The white sturgeon belongs to the sturgeon family Acipenseridae. Not only is it the largest sturgeon species in North America, it is also the largest freshwater fish species.

The sturgeon spends two years in the St. Lawrence estuary before growing to full size in the ocean, though it returns to fresh water to spawn.

From Old French esturgeon. Acipenseridae family

Fatty fish

In the 17th century, sturgeon, identifiable by the five longitudinal rows of bony plates on its sides, was the most commonly-eaten fish in Quebec. The tail end and the belly were favored parts, flavorful brown flesh that was first poached in white wine and milk, then breaded and grilled. The sturgeon was then served with a piquant sauce of anchovies, capers, parsley, green onions and garlic. During Lent, cooks competed to see who could come up with the most inventive "mock" dishes - sturgeon prepared to imitate some other food. The English transformed it into mock veal cutlets: the flesh was flaked, bound with egg and flour, formed into a cutlet shape, cooked in butter and served with tartar sauce.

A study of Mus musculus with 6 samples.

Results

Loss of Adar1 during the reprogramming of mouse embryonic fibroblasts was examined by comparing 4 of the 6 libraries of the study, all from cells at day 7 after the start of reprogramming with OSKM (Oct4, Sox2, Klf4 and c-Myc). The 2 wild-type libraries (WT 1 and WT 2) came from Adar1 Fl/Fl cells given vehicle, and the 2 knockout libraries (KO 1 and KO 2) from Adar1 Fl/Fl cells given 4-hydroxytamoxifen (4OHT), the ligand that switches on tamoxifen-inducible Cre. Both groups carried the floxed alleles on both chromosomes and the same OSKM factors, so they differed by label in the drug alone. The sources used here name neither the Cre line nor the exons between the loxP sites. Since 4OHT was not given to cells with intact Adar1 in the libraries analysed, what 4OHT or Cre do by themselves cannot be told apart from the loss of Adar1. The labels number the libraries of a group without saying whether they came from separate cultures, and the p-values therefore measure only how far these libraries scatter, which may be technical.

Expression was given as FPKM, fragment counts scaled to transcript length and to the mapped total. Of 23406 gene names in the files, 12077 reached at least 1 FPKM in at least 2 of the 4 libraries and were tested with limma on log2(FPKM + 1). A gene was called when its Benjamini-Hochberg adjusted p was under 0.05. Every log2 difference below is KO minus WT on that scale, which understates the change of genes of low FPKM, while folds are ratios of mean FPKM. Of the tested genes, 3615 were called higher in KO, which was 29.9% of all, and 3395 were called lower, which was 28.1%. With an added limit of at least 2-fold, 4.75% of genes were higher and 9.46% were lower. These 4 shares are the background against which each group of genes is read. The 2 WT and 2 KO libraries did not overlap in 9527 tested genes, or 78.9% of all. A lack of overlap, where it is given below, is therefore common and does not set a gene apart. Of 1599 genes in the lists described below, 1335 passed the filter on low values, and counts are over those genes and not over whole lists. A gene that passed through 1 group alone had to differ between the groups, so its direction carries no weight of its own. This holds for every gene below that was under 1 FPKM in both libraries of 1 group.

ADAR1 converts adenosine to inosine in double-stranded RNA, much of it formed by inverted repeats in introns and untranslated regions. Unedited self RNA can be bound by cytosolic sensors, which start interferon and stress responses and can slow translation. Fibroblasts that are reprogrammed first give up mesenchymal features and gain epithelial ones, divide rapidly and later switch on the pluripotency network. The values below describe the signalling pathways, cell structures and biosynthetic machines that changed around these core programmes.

Nutritional values per 100 g
Calories: 125; carbohydrates: 0 g; fat: 5 g; protein: 20 g. Rich in calcium, magnesium, potassium, sodium and vitamin B.

Fresh sturgeon is a seasonal product. However, smoked sturgeon is available from most fish sellers.

A firm-fleshed fish, rich in collagen, sturgeon is well-suited to simple pan-cooking: it releases all its juices to become slightly crunchy on the surface and deliciously moist in the center.

It can also be grilled or barbecued without drying out.

In the oven: cut out pavés (square-cut portions), brush with mustard and place them, covered, into a 185° C (375° F) oven for about 7 minutes. Drizzle with a warm vinaigrette (walnut oil and balsamic vinegar).

Braised or roasted with its skin and cartilage, it retains the maximum flavor.

On the other hand, it becomes more delicate when steamed, poached or cooked in court-bouillon.